Walking a lot and riding buses, taking lots of pictures, eating interesting food. Soaking in all these new places and experiences. And trying to relax. No hurries, no worries.
So far, I have spent about a week in Kuala Lumpur, about five days in Cameron Highlands, and tomorrow I will finish a week in George Town, Penang. Next, I will spent three days in Singapore for Chinese New Year — which should be fun — and then a week in Kota Kinabalu on the island of Borneo. Then back to KL, and China.
The most interesting thing I’ve done by far is witness the Thaipusam festival (see photo at right) at Batu Caves in Kuala Lumpur on Jan. 24. It’s a religious festival, but a joyful one. So the feeling was very light hearted.
I like Kuala Lumpur in general, too. But I grew up near New York City, so if you’re not a city person, KL may leave you feeling exhausted. There are tons of things to see and do (and eat!), but it’s also crowded, noisy and not especially hospitable to pedestrians. If you’re an urban hiker like me, getting around is not an issue. It just , requires you to be on the lookout for approaching cars, motorbikes and bicycles from the “wrong” side.
[Hong Kong, Malaysia and Singapore all follow the British custom of driving on the left hand side of the road so you have to remember to look right when crossing the street, and not left. Better yet, look both ways, because some scooter drivers don’t follow the traffic laws.]
My usual mode of operation when traveling is do combine some typical touristy things — you know, visit some famous places to say I went there — but in general try to live like a local person as much as possible. That means I ride the bus or the metro/subway as needed, or walk. I visit everyday restaurants, like the ones in the malls or in shopping districts. I look for bargains.
I do what the locals do, except for that whole going-to-work thing. My overall goal is to see how people live in different places around the world.
In Kuala Lumpur, where I landed first, I visited the Petronas Twin Towers, and paid $20 to go up to the 86th floor to get a panoramic view of the city. Pretty touristy, and frankly, $20 is lot for a 30-minute excursion to the top of the headquarters of a major petrochemical company worth billions of dollars. Surely, they could afford free admission.
Well, maybe not since oil prices have plunged.
Given the 95-degree heat in KL, I did not try to pack in a lot of activity in one day. So, Petronas Towers and the nearby area one day, Merdeka (Independence) Square another day, the Islamic Arts Museum of Malaysia and the National Mosque another day, and so on.
I wasn’t aware of it when I planned my trip, but Jan. 24 this year was a major Hindu festival, Thaipusam. So, I arranged to be near Batu Caves, so I could spend most of the day there.
The festival actually lasts three days. In KL, the tradition is for devotees of Murugan to walk 14 km (about 8.75 miles) from the Hindu temple in the downtown area to the Murugan shrine in Batu Caves. The city closes off a few streets to make this work. Some devotees carry heavy displays called kavadis — kind of like portable shrines — that can weigh up to 100 pounds. Usually, they are accompanied by friends or relatives who help them take a rest along the way, provide snacks and waters to give them strength, and generally cheer them on. Passers-by will also cheer to give the kavadi-bearers strength to carry on.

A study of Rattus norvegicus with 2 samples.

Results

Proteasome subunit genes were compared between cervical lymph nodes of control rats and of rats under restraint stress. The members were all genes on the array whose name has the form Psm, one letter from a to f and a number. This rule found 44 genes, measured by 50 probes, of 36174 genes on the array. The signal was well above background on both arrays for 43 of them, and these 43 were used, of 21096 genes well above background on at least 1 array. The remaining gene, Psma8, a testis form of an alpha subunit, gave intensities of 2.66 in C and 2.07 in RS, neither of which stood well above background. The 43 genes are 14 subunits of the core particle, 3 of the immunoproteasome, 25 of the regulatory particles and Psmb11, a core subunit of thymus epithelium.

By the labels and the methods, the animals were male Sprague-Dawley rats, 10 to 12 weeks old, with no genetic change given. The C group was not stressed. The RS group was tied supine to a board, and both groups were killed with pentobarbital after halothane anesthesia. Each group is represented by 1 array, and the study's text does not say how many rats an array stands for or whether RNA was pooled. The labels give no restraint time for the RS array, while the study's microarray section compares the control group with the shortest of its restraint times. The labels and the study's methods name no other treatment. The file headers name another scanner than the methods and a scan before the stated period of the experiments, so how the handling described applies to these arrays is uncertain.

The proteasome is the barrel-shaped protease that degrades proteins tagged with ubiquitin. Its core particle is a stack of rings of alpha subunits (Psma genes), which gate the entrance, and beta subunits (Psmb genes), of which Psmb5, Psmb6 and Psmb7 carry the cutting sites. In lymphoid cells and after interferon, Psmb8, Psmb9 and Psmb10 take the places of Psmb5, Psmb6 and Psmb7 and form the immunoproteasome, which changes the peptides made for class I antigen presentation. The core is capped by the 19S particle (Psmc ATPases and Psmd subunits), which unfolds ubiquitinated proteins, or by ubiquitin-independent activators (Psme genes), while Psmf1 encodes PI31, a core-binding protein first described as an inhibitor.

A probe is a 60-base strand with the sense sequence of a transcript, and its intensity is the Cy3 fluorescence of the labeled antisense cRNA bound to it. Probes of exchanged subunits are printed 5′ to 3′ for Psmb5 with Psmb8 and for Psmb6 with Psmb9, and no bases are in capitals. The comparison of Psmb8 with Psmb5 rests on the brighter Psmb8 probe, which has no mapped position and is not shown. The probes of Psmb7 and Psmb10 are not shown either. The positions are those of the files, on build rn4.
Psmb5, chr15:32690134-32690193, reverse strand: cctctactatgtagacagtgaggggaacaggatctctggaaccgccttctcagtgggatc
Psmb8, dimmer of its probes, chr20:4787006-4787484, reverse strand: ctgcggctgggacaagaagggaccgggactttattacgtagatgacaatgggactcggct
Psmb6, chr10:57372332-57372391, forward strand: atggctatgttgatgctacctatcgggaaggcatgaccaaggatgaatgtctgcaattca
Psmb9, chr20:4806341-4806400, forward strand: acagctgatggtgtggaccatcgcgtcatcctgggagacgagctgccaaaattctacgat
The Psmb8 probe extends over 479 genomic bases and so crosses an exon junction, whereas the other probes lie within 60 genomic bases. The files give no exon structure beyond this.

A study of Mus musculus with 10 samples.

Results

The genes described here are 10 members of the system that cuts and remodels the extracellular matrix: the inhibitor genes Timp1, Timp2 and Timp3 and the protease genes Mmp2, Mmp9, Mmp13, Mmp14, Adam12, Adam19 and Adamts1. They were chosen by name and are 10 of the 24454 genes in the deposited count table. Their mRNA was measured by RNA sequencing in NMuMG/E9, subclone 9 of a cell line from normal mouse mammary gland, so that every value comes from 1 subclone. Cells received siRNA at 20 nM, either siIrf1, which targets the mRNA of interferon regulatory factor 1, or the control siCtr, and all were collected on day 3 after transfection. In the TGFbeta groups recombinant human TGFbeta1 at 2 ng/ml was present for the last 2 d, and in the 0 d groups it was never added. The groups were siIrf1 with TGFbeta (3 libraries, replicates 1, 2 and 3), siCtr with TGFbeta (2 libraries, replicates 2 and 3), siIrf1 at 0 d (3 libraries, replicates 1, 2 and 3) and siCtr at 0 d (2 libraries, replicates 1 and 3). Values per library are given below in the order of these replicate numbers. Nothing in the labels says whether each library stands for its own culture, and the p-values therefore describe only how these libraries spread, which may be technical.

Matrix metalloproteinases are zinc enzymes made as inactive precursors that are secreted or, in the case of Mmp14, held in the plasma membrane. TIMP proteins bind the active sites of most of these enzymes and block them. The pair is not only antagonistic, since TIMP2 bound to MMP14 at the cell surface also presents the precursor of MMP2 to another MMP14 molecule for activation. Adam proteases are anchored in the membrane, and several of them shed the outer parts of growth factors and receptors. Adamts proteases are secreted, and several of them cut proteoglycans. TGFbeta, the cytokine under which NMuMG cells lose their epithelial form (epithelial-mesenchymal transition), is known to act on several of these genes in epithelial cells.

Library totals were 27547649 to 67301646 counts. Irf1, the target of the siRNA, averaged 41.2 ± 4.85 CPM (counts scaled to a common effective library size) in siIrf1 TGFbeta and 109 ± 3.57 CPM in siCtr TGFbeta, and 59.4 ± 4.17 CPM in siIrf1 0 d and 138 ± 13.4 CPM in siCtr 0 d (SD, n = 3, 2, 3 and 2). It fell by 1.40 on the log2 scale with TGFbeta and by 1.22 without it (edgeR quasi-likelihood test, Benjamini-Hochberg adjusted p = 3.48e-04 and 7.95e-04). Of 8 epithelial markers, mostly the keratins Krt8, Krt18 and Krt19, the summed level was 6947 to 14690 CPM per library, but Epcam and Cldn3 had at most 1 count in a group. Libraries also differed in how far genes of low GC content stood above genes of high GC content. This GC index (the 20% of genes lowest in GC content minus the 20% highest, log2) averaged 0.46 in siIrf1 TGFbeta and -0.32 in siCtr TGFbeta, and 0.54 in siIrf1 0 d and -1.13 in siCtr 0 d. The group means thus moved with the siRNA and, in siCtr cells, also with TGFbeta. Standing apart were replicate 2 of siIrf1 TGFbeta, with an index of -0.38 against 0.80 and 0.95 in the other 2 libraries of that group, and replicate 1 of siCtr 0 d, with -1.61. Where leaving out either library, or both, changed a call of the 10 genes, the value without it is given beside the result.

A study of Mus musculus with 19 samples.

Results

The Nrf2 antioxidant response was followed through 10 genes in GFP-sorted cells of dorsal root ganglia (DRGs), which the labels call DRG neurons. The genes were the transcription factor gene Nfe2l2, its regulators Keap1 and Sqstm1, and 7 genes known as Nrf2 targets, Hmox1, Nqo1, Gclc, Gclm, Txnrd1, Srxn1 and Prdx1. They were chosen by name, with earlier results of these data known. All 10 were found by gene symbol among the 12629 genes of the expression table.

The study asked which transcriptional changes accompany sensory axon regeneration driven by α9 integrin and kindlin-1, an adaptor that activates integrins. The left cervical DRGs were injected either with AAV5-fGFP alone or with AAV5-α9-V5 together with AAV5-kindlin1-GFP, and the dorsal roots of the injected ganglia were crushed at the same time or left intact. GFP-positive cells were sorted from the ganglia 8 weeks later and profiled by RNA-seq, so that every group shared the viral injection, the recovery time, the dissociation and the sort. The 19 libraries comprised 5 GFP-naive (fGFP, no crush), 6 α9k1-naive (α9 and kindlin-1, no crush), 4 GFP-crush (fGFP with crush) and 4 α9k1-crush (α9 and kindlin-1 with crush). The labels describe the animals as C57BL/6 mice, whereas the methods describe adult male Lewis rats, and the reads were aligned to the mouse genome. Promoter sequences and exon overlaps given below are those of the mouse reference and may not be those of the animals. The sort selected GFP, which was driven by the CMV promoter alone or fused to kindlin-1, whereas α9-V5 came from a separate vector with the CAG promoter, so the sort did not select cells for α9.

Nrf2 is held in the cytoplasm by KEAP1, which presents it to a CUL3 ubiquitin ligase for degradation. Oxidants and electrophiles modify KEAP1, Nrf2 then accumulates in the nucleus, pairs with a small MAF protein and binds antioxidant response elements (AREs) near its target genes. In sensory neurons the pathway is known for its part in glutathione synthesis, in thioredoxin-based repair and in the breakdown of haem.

Did I mention it was 95 degrees out?
The young man shown above was so tired from carrying his kavadi that his legs were quivering while he rested on a stool. Two helpers are taking the weight off his shoulders and hips while he recovers.
Devotees will also carry containers of milk on their heads to the Batu Cave shrine, as milk is holy to Murugan. Men will shave their heads bald and smear turmeric powder on their scalps. Women will also smear turmeric powder on their foreheads. Yellow is Murugan’s color.
Once they arrive at Batu Caves, they climb 272 steps to reach the shrine inside the caves.
Well, I didn’t walk the 14 km (and in fact many devotees don’t either) but I did walk up to the shrine with everyone else.
It’s a family outing, festival day, and religious observance all rolled into one. [And a tourist magnet, of course.] There were booths all around the entrance to the Caves, providing refreshments, food, souvenirs, head shaving and turmeric smearing, kid’s toys, balloons, T-shirts and ball caps, and religious literature. There was a blood drive going on, and a booth for a charity benefiting orphans.
In other words, not that much different from going to the state fair, minus the farm animals and baking contests.
After I left the festival, I walked for a bit, trying to find a convenient place to catch a taxi. While I fumbled with my MyTeksi app (kind of like Uber for Southeast Asia), a taxi just happened to round the corner. So, I flagged him down, and despite paying twice what a MyTeksi driver would have charged, it worked out OK.
My driver, Bob, asked me the usual questions of how long I was in Malaysia, where would I go next, etc. When I said I would go to Cameron Highlands, Bob said he could take me there, stopping at some tourist places on the way, for 550 Malaysian ringgit (about $130). If it sounds pricey, you have to realize than Cameron Highlands is a good 2½ hours north of Kuala Lumpur by car or coach. I had planned to take the coach, which would have been much cheaper (35 ringgit or about $8.50), but first I would need to take a taxi from my hotel to the bus station, and then another taxi to my next hotel.
Bob was offering convenient door-to-door service, plus some tourist places besides. I decided to go the lazy, but more expensive way.
So shoot me.
[NEXT: Cameron Highlands is pretty and comfortable, but kind of boring when it rains.]